Goodbye job applications, hello dream career
Seize control of your career and design the future you deserve with LW career

$5m settlement proposed in public housing towers class action

The Victorian government has offered to settle the public housing towers class action for the sum of $5 million after it was accused of wrongly detaining public housing residents in July 2020 — but that settlement offer does not include an apology.

user iconLauren Croft 10 May 2023 The Bar
expand image

The class action was launched in early 2021, following an immediate “hard lockdown” of approximately 3,000 people in nine public housing towers. 

The state of Victoria was alleged to have wrongly detained the plaintiffs and group members for two weeks in July 2020, as well as allegedly threatening them with physical harm if they attempted to leave the towers.

Although the state has denied all allegations, both parties have now come to an agreement to resolve the proceeding through a $5 million settlement.


Idris Hassan and Hawa Warsame (the plaintiffs) filed a class action against the state of Victoria in the Victorian Supreme Court in March 2021, following the mandatory lockdown of the public housing towers in Melbourne between 4 July and 18 July 2020.

At the time, the lockdown measures were considered the most restrictive in Australia, detaining around 3,000 people to their homes in an immediate “hard lockdown”.

Class action group members include residents or people who were staying at: 9 Pampas Street, 159 Melrose Street, 33 Alfred Street, 76 Canning Street and 12 Sutton Street, North Melbourne, and 120, 126 and 130 Racecourse Road and 12 Holland Court, Flemington.

According to their original statement of claim, residents of and visitors to the public housing towers were detained for up to 14 days as part of lockdown measures and were threatened with physical harm by “armed police officers” if they attempted to leave.

The plaintiffs, now represented by Clemens Haskin Legal, also alleged that the detained residents and visitors had inadequate access to food, medicine, information and assistance and were, as such, seeking “aggravated and exemplary damages” due to the conditions of their detention.

Mr Hassan and Ms Warsame are both Muslim and only eat halal food, as well as primarily food that is prepared at home and free from processed sugars, excessive fats or processed flour. They both were born in Somalia and arrived in Australia as refugees in 1998. Mr Hassan’s son also suffered from asthma and anaphylaxis, was gluten and lactose intolerant and required regular asthma medication.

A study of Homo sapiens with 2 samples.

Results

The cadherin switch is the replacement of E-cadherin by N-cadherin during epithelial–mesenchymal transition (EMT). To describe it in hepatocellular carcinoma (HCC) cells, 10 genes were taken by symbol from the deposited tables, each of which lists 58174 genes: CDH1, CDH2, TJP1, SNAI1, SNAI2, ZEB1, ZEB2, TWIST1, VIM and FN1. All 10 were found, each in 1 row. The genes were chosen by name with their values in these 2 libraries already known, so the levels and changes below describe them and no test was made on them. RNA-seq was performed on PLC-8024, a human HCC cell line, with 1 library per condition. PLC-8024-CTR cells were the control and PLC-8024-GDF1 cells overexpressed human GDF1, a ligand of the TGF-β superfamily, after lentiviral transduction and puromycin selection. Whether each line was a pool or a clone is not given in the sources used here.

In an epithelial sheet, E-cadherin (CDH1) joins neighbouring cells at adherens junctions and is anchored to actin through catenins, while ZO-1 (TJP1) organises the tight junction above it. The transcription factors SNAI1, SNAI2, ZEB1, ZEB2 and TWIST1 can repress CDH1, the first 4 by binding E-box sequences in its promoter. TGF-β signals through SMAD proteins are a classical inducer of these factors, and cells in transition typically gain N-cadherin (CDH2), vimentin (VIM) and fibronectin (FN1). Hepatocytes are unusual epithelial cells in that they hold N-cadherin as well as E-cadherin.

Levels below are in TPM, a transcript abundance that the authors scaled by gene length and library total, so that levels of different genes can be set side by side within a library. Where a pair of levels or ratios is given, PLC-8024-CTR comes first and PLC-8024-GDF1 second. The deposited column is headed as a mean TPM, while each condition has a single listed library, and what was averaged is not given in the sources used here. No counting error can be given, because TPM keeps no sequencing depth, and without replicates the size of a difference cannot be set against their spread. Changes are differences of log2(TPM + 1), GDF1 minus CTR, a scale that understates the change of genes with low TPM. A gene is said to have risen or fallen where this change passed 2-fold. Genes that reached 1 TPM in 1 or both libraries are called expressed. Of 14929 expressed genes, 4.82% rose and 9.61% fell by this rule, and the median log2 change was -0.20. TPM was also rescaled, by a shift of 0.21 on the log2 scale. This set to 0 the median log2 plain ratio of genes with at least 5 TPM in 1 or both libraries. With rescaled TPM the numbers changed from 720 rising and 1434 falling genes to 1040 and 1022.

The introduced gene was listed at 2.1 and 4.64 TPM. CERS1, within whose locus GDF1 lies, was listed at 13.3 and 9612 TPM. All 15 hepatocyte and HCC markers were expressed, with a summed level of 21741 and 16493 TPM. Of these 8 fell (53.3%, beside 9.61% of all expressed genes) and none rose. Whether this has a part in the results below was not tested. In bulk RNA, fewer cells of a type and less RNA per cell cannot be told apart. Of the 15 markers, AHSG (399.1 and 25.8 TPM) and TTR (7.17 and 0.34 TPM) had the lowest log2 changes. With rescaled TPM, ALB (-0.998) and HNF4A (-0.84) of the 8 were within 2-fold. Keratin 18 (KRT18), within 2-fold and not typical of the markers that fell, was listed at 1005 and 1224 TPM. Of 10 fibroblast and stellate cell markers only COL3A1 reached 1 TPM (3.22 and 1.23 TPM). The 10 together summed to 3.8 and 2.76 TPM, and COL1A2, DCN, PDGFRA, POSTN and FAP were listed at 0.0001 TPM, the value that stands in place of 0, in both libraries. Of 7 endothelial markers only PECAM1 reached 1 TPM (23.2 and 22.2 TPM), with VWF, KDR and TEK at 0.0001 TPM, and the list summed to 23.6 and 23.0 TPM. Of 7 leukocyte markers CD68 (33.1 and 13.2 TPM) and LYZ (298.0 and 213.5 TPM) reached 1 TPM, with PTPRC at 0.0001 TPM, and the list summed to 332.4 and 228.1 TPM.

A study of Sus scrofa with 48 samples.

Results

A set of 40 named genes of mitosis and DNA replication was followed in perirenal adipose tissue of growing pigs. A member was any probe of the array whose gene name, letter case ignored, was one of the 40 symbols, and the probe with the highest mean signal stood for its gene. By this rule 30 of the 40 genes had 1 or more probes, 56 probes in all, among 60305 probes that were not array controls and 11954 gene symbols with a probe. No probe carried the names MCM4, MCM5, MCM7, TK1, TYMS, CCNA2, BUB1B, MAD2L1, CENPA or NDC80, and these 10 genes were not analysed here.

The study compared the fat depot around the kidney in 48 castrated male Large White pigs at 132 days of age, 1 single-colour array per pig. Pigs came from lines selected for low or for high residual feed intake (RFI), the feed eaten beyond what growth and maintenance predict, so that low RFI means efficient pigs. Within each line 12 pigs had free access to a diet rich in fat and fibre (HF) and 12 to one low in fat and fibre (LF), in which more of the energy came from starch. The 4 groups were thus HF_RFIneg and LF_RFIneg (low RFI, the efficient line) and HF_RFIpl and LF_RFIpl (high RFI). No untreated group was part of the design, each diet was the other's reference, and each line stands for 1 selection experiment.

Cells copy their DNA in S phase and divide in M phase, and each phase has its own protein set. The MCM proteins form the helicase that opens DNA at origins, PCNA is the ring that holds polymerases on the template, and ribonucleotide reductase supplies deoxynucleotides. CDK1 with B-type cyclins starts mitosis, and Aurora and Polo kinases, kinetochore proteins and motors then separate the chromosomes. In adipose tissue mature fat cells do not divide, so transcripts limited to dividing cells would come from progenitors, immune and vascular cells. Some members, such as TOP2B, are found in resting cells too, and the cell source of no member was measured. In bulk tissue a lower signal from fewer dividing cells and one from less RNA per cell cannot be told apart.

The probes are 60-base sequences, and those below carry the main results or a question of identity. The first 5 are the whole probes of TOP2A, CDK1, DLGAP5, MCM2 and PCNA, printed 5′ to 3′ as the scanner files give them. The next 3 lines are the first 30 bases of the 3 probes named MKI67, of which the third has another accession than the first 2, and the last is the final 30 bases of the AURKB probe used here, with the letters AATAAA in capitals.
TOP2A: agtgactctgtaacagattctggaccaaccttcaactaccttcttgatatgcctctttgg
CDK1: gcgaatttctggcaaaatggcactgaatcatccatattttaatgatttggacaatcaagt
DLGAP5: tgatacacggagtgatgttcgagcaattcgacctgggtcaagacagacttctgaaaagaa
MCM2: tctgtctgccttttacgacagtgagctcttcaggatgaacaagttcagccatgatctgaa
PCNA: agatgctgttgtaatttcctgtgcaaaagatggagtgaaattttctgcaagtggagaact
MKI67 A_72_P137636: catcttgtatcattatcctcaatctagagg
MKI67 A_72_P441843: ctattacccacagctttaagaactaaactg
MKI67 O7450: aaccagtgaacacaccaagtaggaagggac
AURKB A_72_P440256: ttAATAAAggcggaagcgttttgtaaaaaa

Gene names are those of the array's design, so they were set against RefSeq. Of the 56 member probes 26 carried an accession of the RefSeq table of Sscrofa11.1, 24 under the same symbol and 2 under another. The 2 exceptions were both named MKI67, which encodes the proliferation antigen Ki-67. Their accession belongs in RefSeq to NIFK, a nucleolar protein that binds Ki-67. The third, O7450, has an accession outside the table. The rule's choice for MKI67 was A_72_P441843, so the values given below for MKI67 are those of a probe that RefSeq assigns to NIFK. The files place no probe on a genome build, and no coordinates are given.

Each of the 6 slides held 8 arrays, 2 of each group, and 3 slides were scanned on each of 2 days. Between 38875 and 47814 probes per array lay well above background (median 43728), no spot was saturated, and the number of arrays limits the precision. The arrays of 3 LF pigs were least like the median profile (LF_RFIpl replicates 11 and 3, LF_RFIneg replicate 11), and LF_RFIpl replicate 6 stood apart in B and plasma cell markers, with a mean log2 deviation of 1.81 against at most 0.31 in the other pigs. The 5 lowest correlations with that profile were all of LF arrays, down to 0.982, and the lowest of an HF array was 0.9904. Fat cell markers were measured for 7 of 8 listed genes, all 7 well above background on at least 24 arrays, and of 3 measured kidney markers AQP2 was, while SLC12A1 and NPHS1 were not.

Now, following orders from the court last month, the Victorian government has provided a notice of the proposed $5 million settlement in the class action, subject to court approval. According to the notice, group members who want to gain access to the settlement need to register by 27 June.

The lockdown came after the Victorian Minister for Health declared a state of emergency, before establishing close contact directions on 1 July 2020, which required those with COVID-19 or those who had been in contact with someone who tested positive for COVID-19 to self-isolate for 14 days.  

On 4 July 2020, orders were made to commence a public health intervention in the Estate Towers, with hundreds of police officers sent to the towers to enforce the detention.

Following this — and before the launch of the class action — the Victorian Ombudsman launched an investigation into the treatment of people in lockdown, focusing primarily on 33 Alfred Street as it was subjected to the longest period of restrictions. This came after the Ombudsman received over 85 complaints from residents and community advocates, who voiced their concerns.

After conducting an investigation, the Ombudsman ultimately determined that the lockdown was a breach of human rights and recommended that the Victorian government apologise for any harm or stress caused by the immediate lockdown.

However, as reported by the ABC, the proposed settlement does not mention an apology.

One of the residents involved in the claim, Barry Berih, told the ABC that an apology was, to him, more important than a share in compensation.

“I can’t speak on behalf of the other residents, but I can speak on my behalf myself. Look, if it’s settled at the moment, I can’t really go forward for it,” he said.

“To me, it’s not really that important in terms of the money situation. The main important part is the apology and the community itself.”

In addition to the $5 million settlement, all costs of the proceeding, including Mr Hassan and Ms Warsame’s legal costs, will be paid by the state of Victoria.

The hearing to determine the approval of the settlement and its terms has been scheduled for 24 July 2023.